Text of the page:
Arizona State University, in partnership with Amnesty International, has created a new advocacy course that’s being offered to the human rights organi
Arizona State University, in partnership with Amnesty International, has created a new advocacy course that’s being offered to the human rights organization’s staff in the Middle East and northern Africa who are eager to help their communities.
The online course, offered in Arabic, is the first outcome of a partnership created in 2019 among the Thunderbird School of Global Management at ASU, ASU’s Sandra Day O’Connor College of Law, and Amnesty International.
Sanjeev Khagram, director general and dean of Thunderbird, entered into the partnership in 2019 with Kumi Naidoo, who was then the secretary general of Amnesty International. Now, Naidoo is a professor of practice at Thunderbird and O’Connor.
“This collaboration with Amnesty is an incredible opportunity for Thunderbird, our incredible law school and ASU, Khagram said.
“This is how we achieve our quest to advance global inclusion, innovation and impact at scale.”
The goal of the course is for Amnesty International to harness the passion of changemakers by providing advocacy training, according to Art Hinshaw, a clinical professor of law, the John J. Bouma Fellow in Alternative Dispute Resolution and the founding director of the Lodestar Dispute Resolution Center in the law school. He was part of the team that created the content for the 10-module class.
“Amnesty International has been working on human rights for a long time and they take on big causes. They work on very long-term projects, like how to free this political prisoner,” he said.
“For example, Nelson Mandela was in prison for 27 years. So you can imagine that when you have an energized population of young adults, they can run out of steam because they are not seeing any results for their work.
“Amnesty International wanted to open a new way to participate in the organization for people with a lot of energy and interest that could get results, and that is working on more local issues.”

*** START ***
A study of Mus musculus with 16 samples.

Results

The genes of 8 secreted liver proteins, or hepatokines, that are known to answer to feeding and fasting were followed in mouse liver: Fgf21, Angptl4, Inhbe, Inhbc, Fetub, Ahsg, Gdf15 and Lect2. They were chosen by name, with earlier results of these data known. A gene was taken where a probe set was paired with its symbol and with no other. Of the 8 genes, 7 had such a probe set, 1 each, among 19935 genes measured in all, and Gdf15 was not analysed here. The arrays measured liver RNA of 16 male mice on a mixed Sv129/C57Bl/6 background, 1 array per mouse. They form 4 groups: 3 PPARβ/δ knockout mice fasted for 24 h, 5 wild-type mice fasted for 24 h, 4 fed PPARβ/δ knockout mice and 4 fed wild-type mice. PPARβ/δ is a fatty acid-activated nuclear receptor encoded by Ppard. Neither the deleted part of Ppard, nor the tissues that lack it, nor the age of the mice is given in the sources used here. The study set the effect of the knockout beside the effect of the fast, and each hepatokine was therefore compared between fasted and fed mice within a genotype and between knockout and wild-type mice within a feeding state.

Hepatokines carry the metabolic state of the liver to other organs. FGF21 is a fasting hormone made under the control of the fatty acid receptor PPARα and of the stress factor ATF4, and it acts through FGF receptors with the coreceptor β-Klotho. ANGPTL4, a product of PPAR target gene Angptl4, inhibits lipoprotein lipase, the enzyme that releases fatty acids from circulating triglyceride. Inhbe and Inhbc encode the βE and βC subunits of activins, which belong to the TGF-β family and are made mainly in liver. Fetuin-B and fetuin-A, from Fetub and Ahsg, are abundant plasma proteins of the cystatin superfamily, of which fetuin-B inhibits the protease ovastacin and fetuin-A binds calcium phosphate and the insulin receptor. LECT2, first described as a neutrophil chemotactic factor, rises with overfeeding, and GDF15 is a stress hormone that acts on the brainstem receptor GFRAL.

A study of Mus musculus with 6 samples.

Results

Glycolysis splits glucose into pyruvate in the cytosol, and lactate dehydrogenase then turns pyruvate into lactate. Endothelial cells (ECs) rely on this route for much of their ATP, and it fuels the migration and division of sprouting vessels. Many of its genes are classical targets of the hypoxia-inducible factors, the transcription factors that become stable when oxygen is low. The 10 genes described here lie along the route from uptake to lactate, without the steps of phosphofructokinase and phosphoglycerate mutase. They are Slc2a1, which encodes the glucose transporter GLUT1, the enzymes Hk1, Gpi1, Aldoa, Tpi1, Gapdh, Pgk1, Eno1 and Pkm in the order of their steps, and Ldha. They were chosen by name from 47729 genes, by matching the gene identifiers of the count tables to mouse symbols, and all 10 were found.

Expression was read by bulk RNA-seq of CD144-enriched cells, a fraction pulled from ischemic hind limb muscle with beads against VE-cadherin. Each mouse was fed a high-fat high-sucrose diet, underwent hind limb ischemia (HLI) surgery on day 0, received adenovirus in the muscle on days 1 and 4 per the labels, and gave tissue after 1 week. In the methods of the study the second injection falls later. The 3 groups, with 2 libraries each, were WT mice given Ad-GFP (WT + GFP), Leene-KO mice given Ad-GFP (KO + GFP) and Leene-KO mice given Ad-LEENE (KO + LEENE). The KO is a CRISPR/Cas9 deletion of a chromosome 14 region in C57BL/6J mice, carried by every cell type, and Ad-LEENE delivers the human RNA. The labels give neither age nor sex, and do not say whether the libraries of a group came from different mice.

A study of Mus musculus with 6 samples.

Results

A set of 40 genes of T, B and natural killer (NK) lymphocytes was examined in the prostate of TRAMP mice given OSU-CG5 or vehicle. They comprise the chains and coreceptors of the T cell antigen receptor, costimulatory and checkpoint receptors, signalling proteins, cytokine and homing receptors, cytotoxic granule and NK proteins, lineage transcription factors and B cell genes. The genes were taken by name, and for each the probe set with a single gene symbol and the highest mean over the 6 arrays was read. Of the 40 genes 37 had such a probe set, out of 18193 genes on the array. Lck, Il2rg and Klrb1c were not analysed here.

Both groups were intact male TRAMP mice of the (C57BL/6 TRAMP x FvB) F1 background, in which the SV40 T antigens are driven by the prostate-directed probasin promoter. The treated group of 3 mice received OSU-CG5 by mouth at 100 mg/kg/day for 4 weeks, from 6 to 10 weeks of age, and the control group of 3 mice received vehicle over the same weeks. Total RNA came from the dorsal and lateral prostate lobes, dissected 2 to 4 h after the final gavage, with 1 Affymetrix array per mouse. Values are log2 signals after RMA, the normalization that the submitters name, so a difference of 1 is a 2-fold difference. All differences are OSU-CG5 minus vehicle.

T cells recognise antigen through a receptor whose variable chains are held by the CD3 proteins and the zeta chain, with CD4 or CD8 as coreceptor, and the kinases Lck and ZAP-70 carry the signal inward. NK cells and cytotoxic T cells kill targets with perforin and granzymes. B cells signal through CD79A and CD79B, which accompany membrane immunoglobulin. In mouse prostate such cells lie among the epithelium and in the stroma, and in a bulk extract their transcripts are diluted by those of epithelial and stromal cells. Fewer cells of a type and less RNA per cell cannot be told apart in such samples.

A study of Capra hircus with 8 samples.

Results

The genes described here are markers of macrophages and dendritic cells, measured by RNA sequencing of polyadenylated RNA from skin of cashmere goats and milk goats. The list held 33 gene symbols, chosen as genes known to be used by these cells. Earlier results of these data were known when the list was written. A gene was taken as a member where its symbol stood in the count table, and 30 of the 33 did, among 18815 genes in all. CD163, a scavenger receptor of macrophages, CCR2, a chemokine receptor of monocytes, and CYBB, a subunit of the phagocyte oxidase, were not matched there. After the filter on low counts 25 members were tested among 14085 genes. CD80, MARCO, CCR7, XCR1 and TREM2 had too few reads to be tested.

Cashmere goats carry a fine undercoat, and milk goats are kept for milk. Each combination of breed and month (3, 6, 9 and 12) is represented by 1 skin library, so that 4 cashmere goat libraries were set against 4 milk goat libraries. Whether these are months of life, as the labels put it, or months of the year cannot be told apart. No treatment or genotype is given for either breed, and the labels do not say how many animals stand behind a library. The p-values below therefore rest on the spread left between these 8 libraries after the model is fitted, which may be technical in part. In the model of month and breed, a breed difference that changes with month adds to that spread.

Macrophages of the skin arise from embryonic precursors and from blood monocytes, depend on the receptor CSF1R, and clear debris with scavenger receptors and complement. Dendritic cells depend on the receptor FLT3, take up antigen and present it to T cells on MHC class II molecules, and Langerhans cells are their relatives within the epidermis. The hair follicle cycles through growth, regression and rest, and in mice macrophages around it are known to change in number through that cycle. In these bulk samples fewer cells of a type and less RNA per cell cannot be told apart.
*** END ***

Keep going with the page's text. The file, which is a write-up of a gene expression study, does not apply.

The course learners will focus on day-to-day issues that affect a wide swath of people, Hinshaw said.
“Amnesty International saw this as a vey important way to keep their teams engaged while impacting broad groups of people,” he said.
“The course covers things like, what is advocacy? How to tell stories. How to deal with opposition. How do you reach the decision-makers?
“If you’re talking about building an alliance, how do you do that?”
As a legal expert, Hinshaw says it’s important for activists to communicate with confidence by preparing and practicing.
“You have to know the subject matter really well,” he said. “If someone says, ‘There’s a chart on page 10,’ you need to know about that chart without looking.”
A team from Amnesty International’s Middle East and North Africa division translated Hinshaw’s content and made it culturally relevant for the audience.
“They know the people in the region and how to communicate with their audience,” he said.
Diana Bowman, professor of law and associate dean for international engagement in the law school, said that developing the course was a chance for the highly regarded Lodestar Dispute Resolution Center to take its programming to an international level.
“We have phenomenal experts at ASU Law, which has been recognized locally and nationally, but if we want to have an impact we need to think beyond our boundaries, whether that’s improving the quality of life or helping institutions to think about governance or emerging technologies,” she said.
“This was also a great opportunity for Art and ASU Law to engage beyond the traditional legal institutions.”
Bowman said that students now can learn from leading activist experts at ASU.
“That opens up so many opportunities for our students to engage with people who are agenda-setting on the world stage.”